Every #1 Country Single of the Eighties: Willie Nelson, “Always On My Mind”

“Always On My Mind”

Willie Nelson

Written by Wayne Carson, Johnny Christopher, and Mark James

Radio & Records

#1 (1 week)

May 7, 1982


#1 (2 weeks)

May 8 – May 15, 1982

When looking for material for their first album together, Willie Nelson suggested to Merle Haggard that they cover “Always On My Mind,” which had been recorded by Gwen McCrae, Brenda Lee, and Elvis Presley, among others.   

Haggard didn’t bite, and Nelson decided it would work better as a solo single anyway.  So Nelson cut it himself, and ended up with the biggest hit of his career, a full twenty five years after releasing his first single in 1957.

As good as some of the earlier recordings of “Always On My Mind” had been, they all pale in comparison to Willie Nelson’s definitive version.  There’s a sense in previous versions that when the protagonist is asking for “one more chance to keep you satisfied,” they’re already been shown the door and are trying to get back in.

Nelson’s version utilizes a female background singer who responds to him in the first verse, “You did, you did,” when he sings “If I made you feel second best,” so when he replies back, “Girl, I’m sorry I was blind,” the song becomes about a still committed couple with a man who is speaking up before it’s too late.  He realizes that she simply doesn’t know how much everything he does outside of the home is for her. She has no idea that she’s always on his mind because he’s never told her, but he’s not going to make that same mistake again.

It feels like we’re eavesdropping on a married couple who are working things out.  There’s never a sense that the second chance isn’t coming, nor is there a sense that he won’t take full advantage of it. 

Released in 1982, I can only imagine how many men (and women) over the last forty years have used this song to express the feelings that they were never taught to articulate. Perhaps one of Willie Nelson’s unheralded legacies has been saving relationships through the power of this song.

“Always On My Mind” was Nelson’s biggest crossover hit, reaching #5 on the Hot 100 and selling over two million copies.  Nelson won a Grammy for Best Male Country Vocal Performance, and its songwriters picked up Song of the Year and Best Country Song at the same ceremony.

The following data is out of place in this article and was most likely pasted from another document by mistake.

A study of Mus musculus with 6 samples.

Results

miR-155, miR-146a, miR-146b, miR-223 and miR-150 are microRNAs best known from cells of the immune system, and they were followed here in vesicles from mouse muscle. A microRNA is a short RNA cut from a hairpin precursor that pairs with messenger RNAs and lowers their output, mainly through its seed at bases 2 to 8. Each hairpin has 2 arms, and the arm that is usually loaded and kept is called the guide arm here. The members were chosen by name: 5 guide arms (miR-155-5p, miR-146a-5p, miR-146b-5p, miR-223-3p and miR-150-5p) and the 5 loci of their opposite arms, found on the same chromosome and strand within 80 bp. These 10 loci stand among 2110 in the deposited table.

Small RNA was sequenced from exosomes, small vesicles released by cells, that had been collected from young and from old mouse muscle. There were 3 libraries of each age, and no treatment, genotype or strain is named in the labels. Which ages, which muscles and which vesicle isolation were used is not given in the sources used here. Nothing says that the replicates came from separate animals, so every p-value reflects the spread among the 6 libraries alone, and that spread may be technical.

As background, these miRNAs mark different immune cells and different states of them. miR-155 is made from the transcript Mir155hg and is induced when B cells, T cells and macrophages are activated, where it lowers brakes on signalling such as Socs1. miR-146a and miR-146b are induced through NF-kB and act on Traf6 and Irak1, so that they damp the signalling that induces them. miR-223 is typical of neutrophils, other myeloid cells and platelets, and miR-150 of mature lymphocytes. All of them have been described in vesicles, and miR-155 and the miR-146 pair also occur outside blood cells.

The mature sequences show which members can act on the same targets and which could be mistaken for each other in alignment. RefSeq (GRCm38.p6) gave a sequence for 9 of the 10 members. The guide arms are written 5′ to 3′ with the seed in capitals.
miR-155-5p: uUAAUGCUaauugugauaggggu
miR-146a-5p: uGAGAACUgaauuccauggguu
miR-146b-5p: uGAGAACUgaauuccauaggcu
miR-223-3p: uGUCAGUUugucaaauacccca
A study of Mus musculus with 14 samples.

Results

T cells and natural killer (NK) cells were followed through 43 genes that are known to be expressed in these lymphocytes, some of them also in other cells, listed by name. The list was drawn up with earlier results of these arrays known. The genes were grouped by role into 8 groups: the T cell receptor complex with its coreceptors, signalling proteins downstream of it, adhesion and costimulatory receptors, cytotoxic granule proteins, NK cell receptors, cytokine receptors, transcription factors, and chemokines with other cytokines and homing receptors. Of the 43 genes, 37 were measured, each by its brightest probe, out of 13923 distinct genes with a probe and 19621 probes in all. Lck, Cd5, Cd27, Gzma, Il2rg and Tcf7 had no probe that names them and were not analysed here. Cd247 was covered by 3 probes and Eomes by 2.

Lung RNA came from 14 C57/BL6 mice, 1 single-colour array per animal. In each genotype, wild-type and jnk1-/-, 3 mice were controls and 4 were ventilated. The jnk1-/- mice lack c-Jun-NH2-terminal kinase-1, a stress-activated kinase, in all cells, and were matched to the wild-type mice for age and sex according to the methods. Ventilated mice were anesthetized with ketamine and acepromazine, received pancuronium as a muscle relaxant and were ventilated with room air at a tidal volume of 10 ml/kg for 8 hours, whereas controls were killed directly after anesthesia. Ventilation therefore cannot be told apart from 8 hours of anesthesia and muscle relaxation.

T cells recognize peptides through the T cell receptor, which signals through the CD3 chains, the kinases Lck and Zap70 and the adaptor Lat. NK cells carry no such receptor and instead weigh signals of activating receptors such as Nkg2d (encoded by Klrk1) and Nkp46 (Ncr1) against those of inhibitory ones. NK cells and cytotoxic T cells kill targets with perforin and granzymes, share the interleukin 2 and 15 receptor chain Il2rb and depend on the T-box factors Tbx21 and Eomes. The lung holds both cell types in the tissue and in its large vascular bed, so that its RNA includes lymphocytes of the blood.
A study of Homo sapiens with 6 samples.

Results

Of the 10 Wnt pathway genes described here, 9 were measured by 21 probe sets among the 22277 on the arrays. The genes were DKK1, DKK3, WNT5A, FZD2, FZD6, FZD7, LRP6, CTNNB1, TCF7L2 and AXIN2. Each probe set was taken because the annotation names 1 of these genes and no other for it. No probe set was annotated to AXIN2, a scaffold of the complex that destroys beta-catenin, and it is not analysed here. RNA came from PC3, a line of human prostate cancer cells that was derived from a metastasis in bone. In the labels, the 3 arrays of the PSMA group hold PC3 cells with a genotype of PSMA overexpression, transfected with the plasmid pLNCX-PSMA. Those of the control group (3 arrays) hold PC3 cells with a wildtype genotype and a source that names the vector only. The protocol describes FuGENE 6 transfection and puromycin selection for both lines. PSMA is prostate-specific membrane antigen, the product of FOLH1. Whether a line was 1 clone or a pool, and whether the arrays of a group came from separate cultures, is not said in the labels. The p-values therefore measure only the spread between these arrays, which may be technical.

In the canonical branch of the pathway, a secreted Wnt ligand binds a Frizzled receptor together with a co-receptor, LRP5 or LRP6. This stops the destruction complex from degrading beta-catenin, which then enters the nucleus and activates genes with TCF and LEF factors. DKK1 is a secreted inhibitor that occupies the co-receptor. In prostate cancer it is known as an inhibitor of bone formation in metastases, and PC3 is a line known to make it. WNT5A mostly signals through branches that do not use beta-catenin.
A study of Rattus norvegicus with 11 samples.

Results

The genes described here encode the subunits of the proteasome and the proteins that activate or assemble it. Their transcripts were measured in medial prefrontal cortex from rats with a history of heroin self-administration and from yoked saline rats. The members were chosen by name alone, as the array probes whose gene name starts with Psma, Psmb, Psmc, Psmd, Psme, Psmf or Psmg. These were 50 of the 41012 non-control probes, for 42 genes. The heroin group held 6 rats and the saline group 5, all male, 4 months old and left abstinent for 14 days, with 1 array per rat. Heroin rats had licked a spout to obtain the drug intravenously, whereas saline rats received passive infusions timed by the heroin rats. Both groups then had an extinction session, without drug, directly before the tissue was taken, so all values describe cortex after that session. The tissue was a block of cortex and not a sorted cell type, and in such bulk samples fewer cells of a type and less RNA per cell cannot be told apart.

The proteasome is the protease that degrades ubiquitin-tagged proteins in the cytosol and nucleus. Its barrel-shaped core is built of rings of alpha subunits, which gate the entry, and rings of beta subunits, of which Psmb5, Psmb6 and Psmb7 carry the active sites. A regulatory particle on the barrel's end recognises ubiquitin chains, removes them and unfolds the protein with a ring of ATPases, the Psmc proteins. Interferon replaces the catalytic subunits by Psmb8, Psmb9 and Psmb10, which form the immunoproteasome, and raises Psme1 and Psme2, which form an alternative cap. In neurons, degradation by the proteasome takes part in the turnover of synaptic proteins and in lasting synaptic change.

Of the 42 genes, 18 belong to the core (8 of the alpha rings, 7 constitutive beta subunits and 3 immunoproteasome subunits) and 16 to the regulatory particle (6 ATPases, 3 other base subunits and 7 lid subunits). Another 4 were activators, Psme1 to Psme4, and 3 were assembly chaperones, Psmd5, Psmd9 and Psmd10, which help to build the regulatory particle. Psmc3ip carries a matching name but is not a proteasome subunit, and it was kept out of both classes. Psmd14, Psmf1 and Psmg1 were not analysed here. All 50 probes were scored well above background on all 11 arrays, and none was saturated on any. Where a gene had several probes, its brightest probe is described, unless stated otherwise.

Following “He Stopped Loving Her Today,” it was the second song to win CMA Song of the Year twice in a row, prompting a rule change that excluded previous winners from being nominated again.  Nelson also won Single of the Year and Album of the Year for the set titled after “Always On My Mind.”

Every single honor was deserved. “Always On My Mind” is a masterpiece.  It’s the best No. 1 single of 1982, and one of the best records in country music history. 

“Always On My Mind” gets an A.

Every No. 1 Single of the Eighties


  2. It’s a legit, deserved class but I can’t wrap my mind around voters voting the same song as Song of the Year two years in a row lol.

    • The CMA Song of the Year rules are so weird. I’m not sure if they’re still the same, but I remember a few songs in the nineties and oughts winning in their second year of eligibility: “When I Call Your Name,” “Chattahoochee,” “Independence Day,” “This Kiss,” and “Whiskey Lullaby.”

      “Name,” “Chattahoochee,” and “Lullaby” were nominated twice and won their second time out.

      A few songs were nominated twice and lost twice: “Here in the Real World,” “Don’t Rock the Jukebox,” “Time Marches On,” and “Eighteen Wheels and a Dozen Roses.”

  3. Is there any better example of how magical cross-over hits can be when done this wonderfully?

    This songs floats in rarified air for me. I wholeheartedly agree that it is a masterpiece.

    Growing up, I always considered “Always on My Mind” a guilty pleasure. Years later, it, along with Steve Wariner’s “Some Fools Never Learn” slips unexpectedly into contention for my favourite country song of all time.

    My college roommate at university couldn’t believe that I didn’t know this was a cover of an Elvis song. I had no idea anybody but Willie Nelson had recorded this even as of 1990.

    The entire “Always on My Mind” album still rings out as something very much unlike anything I had heard before. Nelson introduced me to most of the pop standards and adult contemporary music he covered. Chips Moman production is spot on and brilliant.

    Nelson is an interpreter and stylist every bit the equal of his idol Frank SInatra.

    This is a pure, timeless wonder to my ears.